Israelism is a full-length documentary released in February 2023 that describes the process a growing number of young American Jews have gone through in breaking with an “indoctrination” central to their upbringing, where love for all things Israel was integral to their Jewish identity. But as they learn about, witness, and in some cases take part in the brutal way Israel oppresses the Palestinians, a new generation of American Jews are opposing the identification of Zionism with being Jewish, and standing with the Palestinian struggle for liberation.
The movie principally tells the story of two American Jews with upbringings where strong support for Israel was taken as a given. One of them went to a Jewish day school in Los Angeles where 10 percent of the graduating class ended up moving to Israel—and joining the Israeli army. She attended the University of California, Berkeley, where her staunch Zionism was first challenged. On her next trip to Israel, she went to the Palestinian territories to find out for herself. The reality of the Palestinian occupation opened her eyes to Israel as an apartheid state. She went on to co-found IfNotNow, an anti-occupation movement of American Jews.
Another young American Jew who received the same indoctrination went to Israel at age 17 to join the IDF—the Israeli army. Right out of training, he was sent to the occupied West Bank, where he became an enforcer of a brutal system that treated Palestinians as second-class people in every way. His experience made him sickened and ashamed of everything he witnessed and been made to do.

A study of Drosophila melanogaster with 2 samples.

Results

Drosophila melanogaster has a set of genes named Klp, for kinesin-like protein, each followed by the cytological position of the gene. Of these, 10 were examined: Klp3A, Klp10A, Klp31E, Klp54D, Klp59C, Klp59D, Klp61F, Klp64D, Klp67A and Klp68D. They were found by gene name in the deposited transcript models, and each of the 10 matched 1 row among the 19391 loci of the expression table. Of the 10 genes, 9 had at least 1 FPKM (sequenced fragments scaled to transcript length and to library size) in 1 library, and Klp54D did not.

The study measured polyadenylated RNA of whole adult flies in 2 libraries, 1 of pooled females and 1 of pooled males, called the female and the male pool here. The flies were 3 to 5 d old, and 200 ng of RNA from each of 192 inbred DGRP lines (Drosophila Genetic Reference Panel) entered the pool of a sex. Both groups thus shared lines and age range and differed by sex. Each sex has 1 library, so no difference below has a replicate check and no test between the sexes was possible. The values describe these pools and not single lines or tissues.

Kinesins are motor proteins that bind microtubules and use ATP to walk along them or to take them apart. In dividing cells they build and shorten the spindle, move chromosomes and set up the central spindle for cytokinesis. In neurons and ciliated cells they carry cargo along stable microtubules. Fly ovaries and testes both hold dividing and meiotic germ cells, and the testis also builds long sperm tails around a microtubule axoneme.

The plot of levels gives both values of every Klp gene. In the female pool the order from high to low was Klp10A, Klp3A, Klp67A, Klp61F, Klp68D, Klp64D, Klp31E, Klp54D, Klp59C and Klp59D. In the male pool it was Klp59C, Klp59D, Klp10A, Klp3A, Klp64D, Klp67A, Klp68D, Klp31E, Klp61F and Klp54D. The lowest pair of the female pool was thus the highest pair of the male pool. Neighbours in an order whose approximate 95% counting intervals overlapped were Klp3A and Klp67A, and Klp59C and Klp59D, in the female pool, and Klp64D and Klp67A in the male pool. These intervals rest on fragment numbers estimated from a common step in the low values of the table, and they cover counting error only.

There are many others who appear in the documentary that have gone through similar transformations themselves, often through meeting with Palestinians and visiting the West Bank. It depicts a growing movement of Jews who want to support Palestinian rights and break Israel’s centrality to American Jewish identity.
Israelism is directed by Erin Axelman and Sam Eilertsen, both Jewish first-time feature film directors, who went through this experience themselves.
The documentary had won awards at film festivals around the country, including the Audience Award at the San Francisco Jewish Film Festival, prior to the October 7 Hamas terrorist attack and the start of Israel's relentless bombing of Gaza. Yet since that time, attempts to show Israelism have come under repeated attack. Students who went ahead with campus showings, as they did at the University of Pennsylvania, have been threatened with discipline. And public theaters have been pressured to cancel showings as well.
But in many cases, these acts of suppression have had to be reversed in the face of public outcry. In fact, the filmmakers have said demand for the film has soared in this period. As one of them described it, “People say to us: ‘I want to show my family this film, to help them understand.’” There are now weekly screenings on, or near, many campuses, and Israelism is on a major tour of the U.S. and Europe that is selling out.
Israelism can be seen as background to the open rupture by many Jews in this country with the lie that “anti-Zionism = antisemitism,” which is being promoted at the highest levels of the U.S. ruling class as a whole. And the daring and dramatic protest actions in recent months against Israel’s war on Gaza and in support of the Palestinian people—including shutting down and occupying the Congressional Rotunda, at Grand Central Station in New York City, and most recently the massive occupation of the Israeli consulate in Chicago, all led by Jewish organizations—have been an inspiration to people everywhere.